By a 5-4 vote, the U.S. Supreme Court kept in place Wednesday its order blocking video coverage of the trial of California’s Proposition 8, with a conservative majority ruling that defenders of the ban on same-sex marriage would likely face “irreparable harm” if the proceedings were broadcast to the public.
“It would be difficult -- if not impossible -- to reverse the harm of those broadcasts,” the court wrote in an unsigned opinion. The witnesses, including paid experts, could suffer “harassment,” and they “might be less likely to cooperate in any future proceedings.” The high court also faulted U.S. District Judge Vaughn Walker for changing the rules “at the eleventh hour” to “allow the broadcasting of this high-profile trial” that will decide whether gays and lesbians have a right to marry in California.
The unsigned opinion clearly speaks for Chief Justice John G. Roberts Jr., and Justices Antonin Scalia, Clarence Thomas, Anthony M. Kennedy and Samuel A. Alito Jr.
The four liberal justices dissented and accused their colleagues of changing the court’s rules so as to “micromanage” a trial judge.
“The Court today issues an order that will prevent the transmission of proceedings in a nonjury civil case of great public interest to five other federal courthouses,” wrote Justice Stephen G. Breyer. “The majority’s action today is unusual. It grants a stay in order . . . to intervene in a matter of local court administration that it would not (and should not) consider. It cites no precedent for doing so. It identifies no real harm, let alone ‘irreparable harm’. . . . And the public interest weighs in favor of providing access to the courts.”
Justices John Paul Stevens, Ruth Bader Ginsburg and Sonia Sotomayor agreed.
The court’s order means that the trial can be seen only inside the courthouse in San Francisco.
Last week, Walker said the trial would be taped each day and posted on YouTube each evening. On Monday, he revised that plan somewhat and said the video coverage would appear on the court’s website. He also planned to have the proceedings streamed live to several courthouses around the country.
But the high court issued a temporary order Monday morning to stop the video coverage. The extent of the split became apparent Wednesday afternoon when the court issued the 17-page opinion and 10-page dissent.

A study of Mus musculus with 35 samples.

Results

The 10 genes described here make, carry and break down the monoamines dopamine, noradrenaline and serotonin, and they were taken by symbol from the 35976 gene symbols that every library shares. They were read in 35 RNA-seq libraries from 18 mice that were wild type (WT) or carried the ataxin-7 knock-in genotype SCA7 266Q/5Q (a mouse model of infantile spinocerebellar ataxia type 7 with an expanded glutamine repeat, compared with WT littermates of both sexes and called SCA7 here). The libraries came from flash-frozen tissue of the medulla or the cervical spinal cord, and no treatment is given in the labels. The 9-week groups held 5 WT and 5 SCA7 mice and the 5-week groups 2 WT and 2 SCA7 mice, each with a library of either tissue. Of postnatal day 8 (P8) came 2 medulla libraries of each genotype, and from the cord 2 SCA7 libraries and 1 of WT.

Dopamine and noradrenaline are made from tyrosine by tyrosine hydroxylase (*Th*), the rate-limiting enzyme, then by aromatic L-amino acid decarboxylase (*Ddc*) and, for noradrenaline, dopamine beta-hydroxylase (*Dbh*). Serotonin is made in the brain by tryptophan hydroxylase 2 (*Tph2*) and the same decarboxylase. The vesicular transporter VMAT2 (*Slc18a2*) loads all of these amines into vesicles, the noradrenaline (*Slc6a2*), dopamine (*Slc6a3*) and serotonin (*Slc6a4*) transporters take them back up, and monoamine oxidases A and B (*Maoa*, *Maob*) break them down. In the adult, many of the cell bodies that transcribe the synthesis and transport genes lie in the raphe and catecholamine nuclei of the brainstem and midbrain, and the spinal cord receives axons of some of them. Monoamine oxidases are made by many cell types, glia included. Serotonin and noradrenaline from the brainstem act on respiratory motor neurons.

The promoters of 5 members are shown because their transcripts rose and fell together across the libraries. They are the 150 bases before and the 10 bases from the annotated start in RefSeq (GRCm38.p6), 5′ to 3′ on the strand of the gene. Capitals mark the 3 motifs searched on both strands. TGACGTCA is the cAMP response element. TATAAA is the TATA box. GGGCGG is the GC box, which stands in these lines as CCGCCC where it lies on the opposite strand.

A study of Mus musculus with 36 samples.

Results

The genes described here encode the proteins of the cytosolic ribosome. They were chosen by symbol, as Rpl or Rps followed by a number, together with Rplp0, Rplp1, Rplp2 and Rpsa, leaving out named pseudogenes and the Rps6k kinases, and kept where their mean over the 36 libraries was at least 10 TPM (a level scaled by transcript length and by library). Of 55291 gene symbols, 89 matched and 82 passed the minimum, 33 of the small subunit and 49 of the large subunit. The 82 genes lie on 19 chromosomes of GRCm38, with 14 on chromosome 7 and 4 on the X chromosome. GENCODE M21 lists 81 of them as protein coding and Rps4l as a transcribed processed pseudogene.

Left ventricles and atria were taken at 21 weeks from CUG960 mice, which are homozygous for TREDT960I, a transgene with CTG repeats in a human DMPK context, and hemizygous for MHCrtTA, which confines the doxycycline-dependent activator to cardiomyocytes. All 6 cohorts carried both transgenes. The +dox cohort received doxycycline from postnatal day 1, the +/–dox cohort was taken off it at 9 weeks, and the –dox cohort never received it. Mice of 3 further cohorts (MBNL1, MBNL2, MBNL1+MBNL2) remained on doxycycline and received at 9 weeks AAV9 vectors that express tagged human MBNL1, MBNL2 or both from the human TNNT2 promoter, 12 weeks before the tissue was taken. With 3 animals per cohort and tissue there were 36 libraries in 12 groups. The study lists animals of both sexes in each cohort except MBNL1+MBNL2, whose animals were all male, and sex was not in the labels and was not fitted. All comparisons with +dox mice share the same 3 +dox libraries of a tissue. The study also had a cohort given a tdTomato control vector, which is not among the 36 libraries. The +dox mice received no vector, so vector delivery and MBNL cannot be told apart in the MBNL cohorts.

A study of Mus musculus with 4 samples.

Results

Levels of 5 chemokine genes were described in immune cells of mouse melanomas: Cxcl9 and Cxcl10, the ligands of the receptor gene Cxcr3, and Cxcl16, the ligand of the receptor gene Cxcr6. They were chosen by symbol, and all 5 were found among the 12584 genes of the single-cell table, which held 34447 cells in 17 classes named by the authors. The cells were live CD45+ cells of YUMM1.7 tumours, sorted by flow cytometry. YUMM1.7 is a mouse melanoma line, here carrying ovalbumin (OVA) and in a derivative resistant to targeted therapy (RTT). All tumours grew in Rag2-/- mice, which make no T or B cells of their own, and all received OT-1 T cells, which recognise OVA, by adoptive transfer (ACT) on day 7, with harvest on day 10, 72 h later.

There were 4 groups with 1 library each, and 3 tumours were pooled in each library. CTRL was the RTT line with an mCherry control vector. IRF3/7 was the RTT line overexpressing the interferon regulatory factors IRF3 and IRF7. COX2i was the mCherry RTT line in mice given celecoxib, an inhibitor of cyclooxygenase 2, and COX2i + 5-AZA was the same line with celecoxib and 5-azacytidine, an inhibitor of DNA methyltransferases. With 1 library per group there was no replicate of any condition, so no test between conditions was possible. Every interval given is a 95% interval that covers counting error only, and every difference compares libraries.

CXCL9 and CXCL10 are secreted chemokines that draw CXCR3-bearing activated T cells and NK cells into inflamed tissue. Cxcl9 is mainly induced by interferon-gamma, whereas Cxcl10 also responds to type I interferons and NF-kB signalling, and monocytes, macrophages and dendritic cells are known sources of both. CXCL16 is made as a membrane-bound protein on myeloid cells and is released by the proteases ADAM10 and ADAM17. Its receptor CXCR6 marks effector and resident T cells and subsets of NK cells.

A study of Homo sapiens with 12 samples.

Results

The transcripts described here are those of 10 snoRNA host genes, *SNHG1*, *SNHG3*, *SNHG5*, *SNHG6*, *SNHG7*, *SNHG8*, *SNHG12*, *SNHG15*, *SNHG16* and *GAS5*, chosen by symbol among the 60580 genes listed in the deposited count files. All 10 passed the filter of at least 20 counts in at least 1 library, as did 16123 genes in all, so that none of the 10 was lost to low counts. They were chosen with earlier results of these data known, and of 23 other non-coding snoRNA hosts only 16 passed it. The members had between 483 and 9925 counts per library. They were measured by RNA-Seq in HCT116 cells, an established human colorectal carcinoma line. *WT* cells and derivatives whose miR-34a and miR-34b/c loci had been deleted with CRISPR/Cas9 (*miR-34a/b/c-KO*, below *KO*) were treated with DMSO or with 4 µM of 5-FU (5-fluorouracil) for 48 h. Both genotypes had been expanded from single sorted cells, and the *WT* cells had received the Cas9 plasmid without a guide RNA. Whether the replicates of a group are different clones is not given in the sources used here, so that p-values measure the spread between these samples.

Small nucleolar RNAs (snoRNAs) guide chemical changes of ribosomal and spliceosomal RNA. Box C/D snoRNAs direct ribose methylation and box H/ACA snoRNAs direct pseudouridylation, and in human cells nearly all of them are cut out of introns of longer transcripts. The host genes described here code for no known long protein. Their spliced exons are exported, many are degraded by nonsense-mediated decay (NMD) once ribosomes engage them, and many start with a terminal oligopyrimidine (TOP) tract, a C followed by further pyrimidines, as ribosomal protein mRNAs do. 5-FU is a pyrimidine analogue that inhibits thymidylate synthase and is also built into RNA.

The majority cited newspaper accounts from the last year to bolster its contention that opponents of same-sex marriage have been “subject to harassment,” including “confrontational phone calls and e-mail messages” and even “death threats.” Under the court’s rules, the justices do not intervene in pending cases unless they are convinced that the appealing side has a strong legal claim as well as evidence of “an irreparable harm” if the court fails to act.
Breyer scoffed at the notion that the witnesses in this case would face harm, because they have gone on television in the past to advocate their views. “They are all experts or advocates who have either already appeared on television or Internet broadcasts, already toured the state advocating a ‘yes’ vote on Proposition 8,” he said.
Advocates for equal marriage rights lambasted the decision. “The Supreme Court just struck a huge blow against transparency and accountability,” said Rick Jacobs, chairman of the Courage Campaign in Los Angeles. “The five conservative justices are enabling Prop. 8 supporters to mask their radical views. This historic trial will remain largely hidden from public view.”
Edward Whelan, a conservative critic of Walker, praised the majority for acting to rebuke him. He accused Walker of seeking a “show trial” in San Francisco to intimidate and embarrass the defenders of California’s voter initiative prohibiting same-sex marriage.